You might be very happy with your house, but are you happy with your mortgage? It is possible that you have a good deal, but for others, it might be that you are paying more than you need to.
Remortgaging is the process of coming off your existing mortgage agreement, and getting a new deal (perhaps with another lender) which offers you a lower monthly payment. The idea is to get a new mortgage where the savings outweigh the costs of switching over.
Naturally, this guide will, therefore, be less relevant to first-time buyers and more helpful for people looking to either move home or move lender. Here, we’ll be sharing 5 crucial tips to consider when remortgaging. It’s important to note, however, that this content should not be taken as financial advice. It is for information and inspiration purposes only.
To receive regulated, personalised financial advice we recommend that you consult an independent financial adviser, such as one of ours here in Sale, Cheshire.
#1 Consider the “Why”
There are many reasons why you might want to remortgage, and it’s important to have yours firmly in your mind before getting started. For most people, the primary goal will be to put more money in your pocket rather than those of your bank.
It’s quite possible that your mortgage does not suit your needs or circumstances anymore. For instance, perhaps you’ve had a significant pay rise and want to overpay on your mortgage (in order to reduce the mortgage term). However, perhaps your existing deal does not allow you to do this, and so you want to find something with more flexibility.
Or, perhaps you simply want to borrow more money but your current lender is either refusing, or they are offering you a poor deal.
It might be, however, that your reasons for wanting to remortgage need re-examining. For instance, if you are on a very good deal already then it makes little sense to go through the trouble and costs involved with switching. There are also sad cases where people are locked into bad mortgage deals with terrible early repayment charges, meaning you are probably better off simply waiting out the incentive period.
#2 Check Credit Score & Equity
There is little sense in starting out on the remortgaging process if you are in negative equity, or if you have a poor credit score. In the latter case, you might be prohibited from remortgaging at all if you have missed a number of loan payments or utility bills.
In the former case, “negative equity” refers to the unfortunate case where your house has declined in value, to the point where its value is lower than the figure you owe on your mortgage. You might be able to ask your existing lender for improved mortgage terms in these circumstances, but for most people, it is likely to be more sensible to avoid remortgaging for now.
#3 Prepare Your “Deposit”
Remember, “equity” is similar to having a deposit for a house. So if you are in strong, positive equity on your current property and are thinking about remortgaging, this is a good start.
You will need a good amount of equity to have a chance of getting a good mortgage deal. At the minimum, you will likely need 5% of the property’s value. To get the good deals you will probably need at least 20%, and to get great you will likely need around 40%.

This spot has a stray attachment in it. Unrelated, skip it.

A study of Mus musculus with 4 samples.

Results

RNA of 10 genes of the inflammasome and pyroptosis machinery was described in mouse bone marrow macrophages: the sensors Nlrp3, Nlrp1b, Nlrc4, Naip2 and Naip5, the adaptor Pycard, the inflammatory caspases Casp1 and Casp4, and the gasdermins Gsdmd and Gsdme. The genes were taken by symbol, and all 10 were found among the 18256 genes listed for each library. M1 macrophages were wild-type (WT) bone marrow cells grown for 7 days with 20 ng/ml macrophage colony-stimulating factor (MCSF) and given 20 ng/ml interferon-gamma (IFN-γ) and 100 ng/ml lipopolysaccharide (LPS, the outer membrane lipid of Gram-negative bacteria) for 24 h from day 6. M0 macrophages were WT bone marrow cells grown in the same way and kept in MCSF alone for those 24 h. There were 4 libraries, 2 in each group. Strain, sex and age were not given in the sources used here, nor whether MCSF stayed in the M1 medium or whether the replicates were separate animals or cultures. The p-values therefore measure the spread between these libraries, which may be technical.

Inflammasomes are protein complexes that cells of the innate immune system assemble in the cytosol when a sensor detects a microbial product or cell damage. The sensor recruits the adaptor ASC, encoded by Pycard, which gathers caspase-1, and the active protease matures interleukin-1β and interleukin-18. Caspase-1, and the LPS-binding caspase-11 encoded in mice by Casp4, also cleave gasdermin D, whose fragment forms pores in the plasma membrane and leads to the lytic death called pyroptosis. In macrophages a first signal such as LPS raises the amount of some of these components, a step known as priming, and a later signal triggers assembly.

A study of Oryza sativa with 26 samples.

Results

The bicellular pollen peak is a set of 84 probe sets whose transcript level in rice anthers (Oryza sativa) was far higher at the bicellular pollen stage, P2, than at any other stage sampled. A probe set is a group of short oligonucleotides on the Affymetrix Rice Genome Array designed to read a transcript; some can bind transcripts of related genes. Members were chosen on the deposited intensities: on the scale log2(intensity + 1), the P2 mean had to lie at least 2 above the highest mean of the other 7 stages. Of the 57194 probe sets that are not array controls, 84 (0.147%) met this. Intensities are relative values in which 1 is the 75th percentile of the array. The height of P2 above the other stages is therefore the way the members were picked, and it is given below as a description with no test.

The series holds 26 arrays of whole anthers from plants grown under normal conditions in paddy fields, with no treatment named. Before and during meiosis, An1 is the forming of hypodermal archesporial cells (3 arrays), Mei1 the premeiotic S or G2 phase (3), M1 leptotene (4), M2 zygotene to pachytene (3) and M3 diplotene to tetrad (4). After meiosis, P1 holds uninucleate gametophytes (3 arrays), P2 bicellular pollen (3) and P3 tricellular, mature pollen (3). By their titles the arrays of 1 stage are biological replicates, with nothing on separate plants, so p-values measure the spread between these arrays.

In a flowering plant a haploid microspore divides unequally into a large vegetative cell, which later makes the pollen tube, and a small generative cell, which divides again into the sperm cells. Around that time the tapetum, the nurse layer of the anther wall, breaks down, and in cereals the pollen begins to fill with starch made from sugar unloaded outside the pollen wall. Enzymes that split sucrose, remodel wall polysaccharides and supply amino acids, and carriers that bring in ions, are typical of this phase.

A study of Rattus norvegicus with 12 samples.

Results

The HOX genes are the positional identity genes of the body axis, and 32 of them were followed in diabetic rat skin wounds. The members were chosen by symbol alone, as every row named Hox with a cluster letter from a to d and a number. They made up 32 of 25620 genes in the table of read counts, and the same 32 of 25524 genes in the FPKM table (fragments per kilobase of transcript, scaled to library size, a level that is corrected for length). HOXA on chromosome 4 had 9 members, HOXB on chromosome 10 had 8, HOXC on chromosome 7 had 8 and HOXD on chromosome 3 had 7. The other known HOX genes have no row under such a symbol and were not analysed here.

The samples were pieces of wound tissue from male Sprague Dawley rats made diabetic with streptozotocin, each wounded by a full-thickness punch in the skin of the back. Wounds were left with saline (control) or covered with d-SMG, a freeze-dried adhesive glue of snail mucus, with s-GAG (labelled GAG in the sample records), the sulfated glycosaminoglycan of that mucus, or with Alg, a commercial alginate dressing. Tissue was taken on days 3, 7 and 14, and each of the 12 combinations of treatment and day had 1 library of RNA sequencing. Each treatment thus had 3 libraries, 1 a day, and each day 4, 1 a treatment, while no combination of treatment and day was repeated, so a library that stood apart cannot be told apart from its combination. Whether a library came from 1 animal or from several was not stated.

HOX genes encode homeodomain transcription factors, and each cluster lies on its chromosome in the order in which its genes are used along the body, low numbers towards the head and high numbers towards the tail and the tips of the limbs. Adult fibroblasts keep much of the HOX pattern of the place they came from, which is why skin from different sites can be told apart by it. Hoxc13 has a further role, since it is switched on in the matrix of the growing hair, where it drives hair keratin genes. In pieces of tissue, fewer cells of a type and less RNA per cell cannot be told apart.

#4 Scrutinise Your Finances
When it does eventually come to the point of approaching different lenders for remortgage deals, you will need to discuss your finances with them. Gone are the days of “easy lending”, where it used to be relatively easy to get a mortgage. These days, your income and expenditure are carefully analysed by lenders to ensure you can keep up with your mortgage payments.
Indeed, most will “stress test” your finances to make sure you’d be able to afford the payments even in the event of a significant rise in interest rates (e.g. 6-7%). It’s a good idea, therefore, to go over your bank statements with a fine toothcomb and to look at them through the eyes of prospective lenders. Are there any areas of unnecessary spending which you could take out, for instance? Are there any debt payments which could be cleared? Are you in your overdraft?
Self-employed people and contract workers will, unfortunately, have more hurdles to cross when it comes to remortgaging. Make things as easy for yourself as possible by preparing your business accounts, ready for examination by the lender.
#5 Think About the “Deal Type”
Broadly speaking, there are two types of mortgages which you could switch to: a Standard Variable Rate (SVR) mortgage or a fixed-rate mortgage. Both come with their respective advantages and disadvantages, and it’s important to consider these in light of your current financial situation and goals when you’re thinking about remortgaging.
In general, fixed-rate mortgages have the advantages of offering predictable monthly payments over the term of the deal (e.g. 5 years). On the other hand, if you later want to withdraw from the deal early to switch then you will likely face penalties.
SVR mortgages are attractive to people who think they might want to switch again in the near future, as they tend not to bring early repayment charges. However, they do bring a degree of uncertainty as your lender could raise your monthly payments down the line.
This is a really crucial part of remortgage planning, and we recommend that you speak with an experienced financial adviser and mortgage broker if you are thinking about this option. Get in touch today to speak with a member of our team here at Suttons.